The Little House
Allen R. Remaley
To look at it, the little house would have evoked no other description than, “It’s nothing but a shack!” But, at second glance, one could see that there was more to it than just a run-down dwelling. Upon the death of my grandfather, a Pennsylvania coal miner who, after he had consumed some illegal and poison booze, died on its doorstep, Grandmother Sarvey only used the little house as a storage shed, and its contents drew my attention when I was five or six years old.
For little boys, old, locked up places like that little house cast a magic spell. The magic might have come from the fact that the only door to this special place demanded a key, and grandmother had the key. Unimaginable things are conjured up in the minds of those who wonder what might be found behind locked doors and closed cabinets. For me, the little house represented my own treasure island, and in the confines of that little place, I was a twentieth-century Harry Potter long before some English writer invented him.
On occasion, Grandmother Sarvey would allow me to accompany her inside when she wanted to get her hand push lawn mower or some tool she needed for her garden. Once inside the little house, I would always take an interest in the old clothes hanging about the place, the odds and ends of old tools, the boxes of discarded books, machine parts and things I could not recognize. Discarded by young men, my uncles, who had taken part in wars past, army buttons, badges once worn with pride and battle ribbons awarded for being in some theater of war, were lying about and forgotten like the conflicts themselves. Cheap, but interesting looking costume jewelry, beads of all colors and sizes and things from other countries picked up and brought back to this country by nameless travelers, were among the trinkets one could always find in boxes and bowls meant to hold such things. There were old toys my uncles and aunts had played with, and, if e-Bay had been in existence, fortunes would have been made. Old books, letters, photographs and official looking documents with impressive seals which had belonged to members of my family and no longer considered important were left behind in this place. Once grandmother had retrieved what she had been looking for, she would wait for me to become bored with such things, and I would come back out into the sun and reality. Then, grandmother would lock the door and I would wait for the next time she needed something from that storehouse of memories.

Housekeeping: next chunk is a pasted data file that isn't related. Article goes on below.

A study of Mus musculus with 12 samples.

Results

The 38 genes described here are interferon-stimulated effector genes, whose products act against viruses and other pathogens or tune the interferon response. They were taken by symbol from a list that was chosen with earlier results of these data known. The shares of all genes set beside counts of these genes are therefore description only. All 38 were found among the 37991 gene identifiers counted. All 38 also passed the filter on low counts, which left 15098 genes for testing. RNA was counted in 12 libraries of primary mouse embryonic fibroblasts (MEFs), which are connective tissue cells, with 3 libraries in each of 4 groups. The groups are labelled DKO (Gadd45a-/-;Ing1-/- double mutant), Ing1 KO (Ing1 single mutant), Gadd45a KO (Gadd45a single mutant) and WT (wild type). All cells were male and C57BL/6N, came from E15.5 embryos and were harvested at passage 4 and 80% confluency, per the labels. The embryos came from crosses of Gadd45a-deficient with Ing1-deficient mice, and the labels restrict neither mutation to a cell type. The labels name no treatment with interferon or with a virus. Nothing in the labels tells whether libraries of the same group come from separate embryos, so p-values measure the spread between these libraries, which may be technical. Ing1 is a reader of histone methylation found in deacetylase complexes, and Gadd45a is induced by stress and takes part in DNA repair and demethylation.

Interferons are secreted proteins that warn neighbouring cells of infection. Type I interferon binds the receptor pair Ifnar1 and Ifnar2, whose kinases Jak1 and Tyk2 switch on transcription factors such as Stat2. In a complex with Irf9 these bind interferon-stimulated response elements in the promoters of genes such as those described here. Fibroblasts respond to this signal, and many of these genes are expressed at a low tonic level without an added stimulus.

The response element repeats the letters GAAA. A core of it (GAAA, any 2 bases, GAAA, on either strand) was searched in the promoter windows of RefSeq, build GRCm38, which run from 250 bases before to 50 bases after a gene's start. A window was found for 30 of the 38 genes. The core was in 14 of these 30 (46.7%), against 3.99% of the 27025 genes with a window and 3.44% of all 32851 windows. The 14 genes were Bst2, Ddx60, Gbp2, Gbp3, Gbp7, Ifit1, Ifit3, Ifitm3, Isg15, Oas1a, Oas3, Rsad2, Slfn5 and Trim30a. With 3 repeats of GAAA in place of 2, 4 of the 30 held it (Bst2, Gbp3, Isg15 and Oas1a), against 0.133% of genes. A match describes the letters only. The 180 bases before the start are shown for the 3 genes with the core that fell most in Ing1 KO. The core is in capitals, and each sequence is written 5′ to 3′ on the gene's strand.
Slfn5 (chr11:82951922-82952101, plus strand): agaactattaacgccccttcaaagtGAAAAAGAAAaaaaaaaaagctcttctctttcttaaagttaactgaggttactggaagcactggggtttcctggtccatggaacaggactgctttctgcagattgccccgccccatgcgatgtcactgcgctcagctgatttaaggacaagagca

The little house was just that—little. The place was about the size of one of today’s living rooms measuring 15’ by 15’. Running right down the middle of the shed was a thin, plaster covered wall. Someone had cut out a narrow arch for a doorway allowing access to each side of the wall so that two, small rooms remained. The little house had no insulation since there was no reason to supply heat to the small building, and after all, no one could possibly live there.
No heating device of any kind had ever been installed in this place. There was, of course, no indoor plumbing, and until the early 1950’s, everyone in our area of the little town used an outhouse. Ours was a two-holer which sat near the little house. This outdoor toilet was always hot and smelly in the summer and bare skin butt biting cold in winter. None of us, neither my grandmother, her boarders, Mom, visitors nor myself, spent much time reading the Sears and Roebuck catalog which served as toilet tissue. We all did what had to be done, and we closed the door behind us when we had finished.